What are Peel's Principles?
In 1829 in London, England it is said that Sir Robert Peel espoused these principles. Others say that the first two Commissioners of the London Metropolitan Police developed them. But whatever the origin, Peel's Principles are very important operating principles for police in the 21st Century, just as much as in the 19th Century when they were written.
PRINCIPLE 1 “The basic mission for which the police exist is to prevent crime and disorder.”
PRINCIPLE 2 “The ability of the police to perform their duties is dependent upon public approval of police actions.”
PRINCIPLE 3 “Police must secure the willing cooperation of the public in voluntary observance of the law to be able to secure and maintain the respect of the public.”
PRINCIPLE 4 “The degree of cooperation of the public that can be secured diminishes proportionately to the necessity of the use of physical force.”
PRINCIPLE 5 “Police seek and preserve public favor not by catering to the public opinion but by constantly demonstrating absolute impartial service to the law.”
PRINCIPLE 6 “Police use physical force to the extent necessary to secure observance of the law or to restore order only when the exercise of persuasion, advice and warning is found to be insufficient.”
PRINCIPLE 7 “Police, at all times, should maintain a relationship with the public that gives reality to the historic tradition that the police are the public and the public are the police; the police being only members of the public who are paid to give full-time attention to duties which are incumbent on every citizen in the interests of community welfare and existence.”
PRINCIPLE 8 “Police should always direct their action strictly towards their functions and never appear to usurp the powers of the judiciary.”
PRINCIPLE 9 “The test of police efficiency is the absence of crime and disorder, not the visible evidence of police action in dealing with it.”
Available to Everyone! But if you are not a member or registrant please donate or join.
ChatGPT was asked to describe police reform.
This is the result. We graded the report as barely a pass. It is missing TWO important elements of police reform. Can you identify them?
(Answer is posted on the membership subscription page.)
Canadian policing is recognized for service to the public through its adherence to best in class standards of evidence-based education of police recruits and professional development of officers.
National standards for training are adopted across Canada. The College's national officer certification criteria are universally adopted.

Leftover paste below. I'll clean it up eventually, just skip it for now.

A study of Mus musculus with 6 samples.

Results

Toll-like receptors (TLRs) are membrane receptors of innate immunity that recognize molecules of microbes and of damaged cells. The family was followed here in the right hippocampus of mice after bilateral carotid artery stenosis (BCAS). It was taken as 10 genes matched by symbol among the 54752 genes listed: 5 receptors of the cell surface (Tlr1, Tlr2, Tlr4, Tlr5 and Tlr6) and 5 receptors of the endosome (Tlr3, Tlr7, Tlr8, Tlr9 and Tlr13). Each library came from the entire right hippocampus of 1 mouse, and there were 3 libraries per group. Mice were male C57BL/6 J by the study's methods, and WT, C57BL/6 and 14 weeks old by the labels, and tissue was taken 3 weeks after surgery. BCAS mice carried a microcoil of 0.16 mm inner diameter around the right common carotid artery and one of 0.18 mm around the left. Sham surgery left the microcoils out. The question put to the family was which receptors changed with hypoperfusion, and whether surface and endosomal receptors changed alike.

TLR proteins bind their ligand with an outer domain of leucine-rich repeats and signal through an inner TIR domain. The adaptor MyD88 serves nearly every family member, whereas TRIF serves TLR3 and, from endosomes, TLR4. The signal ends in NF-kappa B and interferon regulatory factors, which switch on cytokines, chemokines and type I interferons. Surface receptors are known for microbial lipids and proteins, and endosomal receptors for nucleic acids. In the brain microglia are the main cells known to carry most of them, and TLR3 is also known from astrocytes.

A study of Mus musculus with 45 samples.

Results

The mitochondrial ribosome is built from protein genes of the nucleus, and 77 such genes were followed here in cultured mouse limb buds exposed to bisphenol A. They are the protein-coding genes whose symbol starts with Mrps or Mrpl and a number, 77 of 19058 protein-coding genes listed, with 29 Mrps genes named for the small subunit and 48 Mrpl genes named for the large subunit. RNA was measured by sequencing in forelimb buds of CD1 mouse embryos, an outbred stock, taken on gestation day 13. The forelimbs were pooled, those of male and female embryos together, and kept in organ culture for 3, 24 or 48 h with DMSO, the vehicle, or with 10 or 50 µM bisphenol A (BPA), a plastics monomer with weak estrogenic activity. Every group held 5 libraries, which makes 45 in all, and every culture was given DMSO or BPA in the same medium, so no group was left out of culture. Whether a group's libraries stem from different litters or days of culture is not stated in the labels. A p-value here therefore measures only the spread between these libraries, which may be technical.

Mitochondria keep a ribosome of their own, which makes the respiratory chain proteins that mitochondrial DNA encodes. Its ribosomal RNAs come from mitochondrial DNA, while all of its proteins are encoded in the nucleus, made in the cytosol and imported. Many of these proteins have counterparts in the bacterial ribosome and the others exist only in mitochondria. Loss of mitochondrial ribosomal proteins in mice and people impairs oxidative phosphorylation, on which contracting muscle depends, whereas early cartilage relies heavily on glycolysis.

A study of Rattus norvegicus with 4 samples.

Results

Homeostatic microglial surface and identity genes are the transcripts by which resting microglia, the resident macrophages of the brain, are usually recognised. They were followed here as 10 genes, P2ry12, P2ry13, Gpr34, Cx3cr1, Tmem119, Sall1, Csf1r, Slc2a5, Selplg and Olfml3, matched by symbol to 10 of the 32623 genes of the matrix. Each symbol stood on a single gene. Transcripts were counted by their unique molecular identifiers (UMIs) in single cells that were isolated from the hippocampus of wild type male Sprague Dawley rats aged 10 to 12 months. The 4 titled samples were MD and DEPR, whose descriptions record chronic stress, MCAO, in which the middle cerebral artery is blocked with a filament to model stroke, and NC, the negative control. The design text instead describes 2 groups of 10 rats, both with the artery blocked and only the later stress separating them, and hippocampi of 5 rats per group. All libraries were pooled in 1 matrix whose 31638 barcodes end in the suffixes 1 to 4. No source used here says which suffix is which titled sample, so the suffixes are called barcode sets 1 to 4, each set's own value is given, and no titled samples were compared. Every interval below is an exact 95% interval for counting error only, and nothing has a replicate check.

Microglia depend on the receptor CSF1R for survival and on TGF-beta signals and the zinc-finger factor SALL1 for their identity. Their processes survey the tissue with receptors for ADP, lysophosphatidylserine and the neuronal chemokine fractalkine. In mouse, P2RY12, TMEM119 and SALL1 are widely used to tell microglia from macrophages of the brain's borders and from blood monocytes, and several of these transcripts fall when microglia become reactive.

To achieve the creation of the Canadian College of Professional Policing through the education of community representatives, police practitioners, academics and government officials.
The Coalition for Canadian Police Reform is Canadian Registered Charity. Our goal is to educate Canadians about the need for professionalization of policing through national standards and a 21st Century curriculum.
There is overwhelming evidence of a need for transformation in how police officers in Canada are educated and trained. We bring together relevant stakeholders – citizens representing all parts of Canada and representing the diversity of our nation, police, researchers and politicians – to discuss what police officers need to know to effectively police in the 21st century. We believe that citizens reflecting the diversity of Canada should have a part to play in the police recruit curriculum.
We are NOT about defunding.
Social Media Volunteer to post on one of Facebook, Twitter, LinkedIn
Website Manager Volunteer
Corporate Secretary Volunteer: Do simple minutes for the Board Meetings 4x per year
FILLED with 3 new volunteers: Current News Volunteer: Scrape the net for policing articles
If you are a University student, check out Riipen.com for Level Up postings by C-CPR.
Whether you help through monetary donations, volunteering your time, or spreading our mission through word-of-mouth, thank you. We can't accomplish anything without your help.
We acknowledge that we are on the traditional territories of the many First Nations, Métis, and Inuit whose footsteps have marked these lands for centuries. An important step in reconciliation is our acknowledgment of traditional land.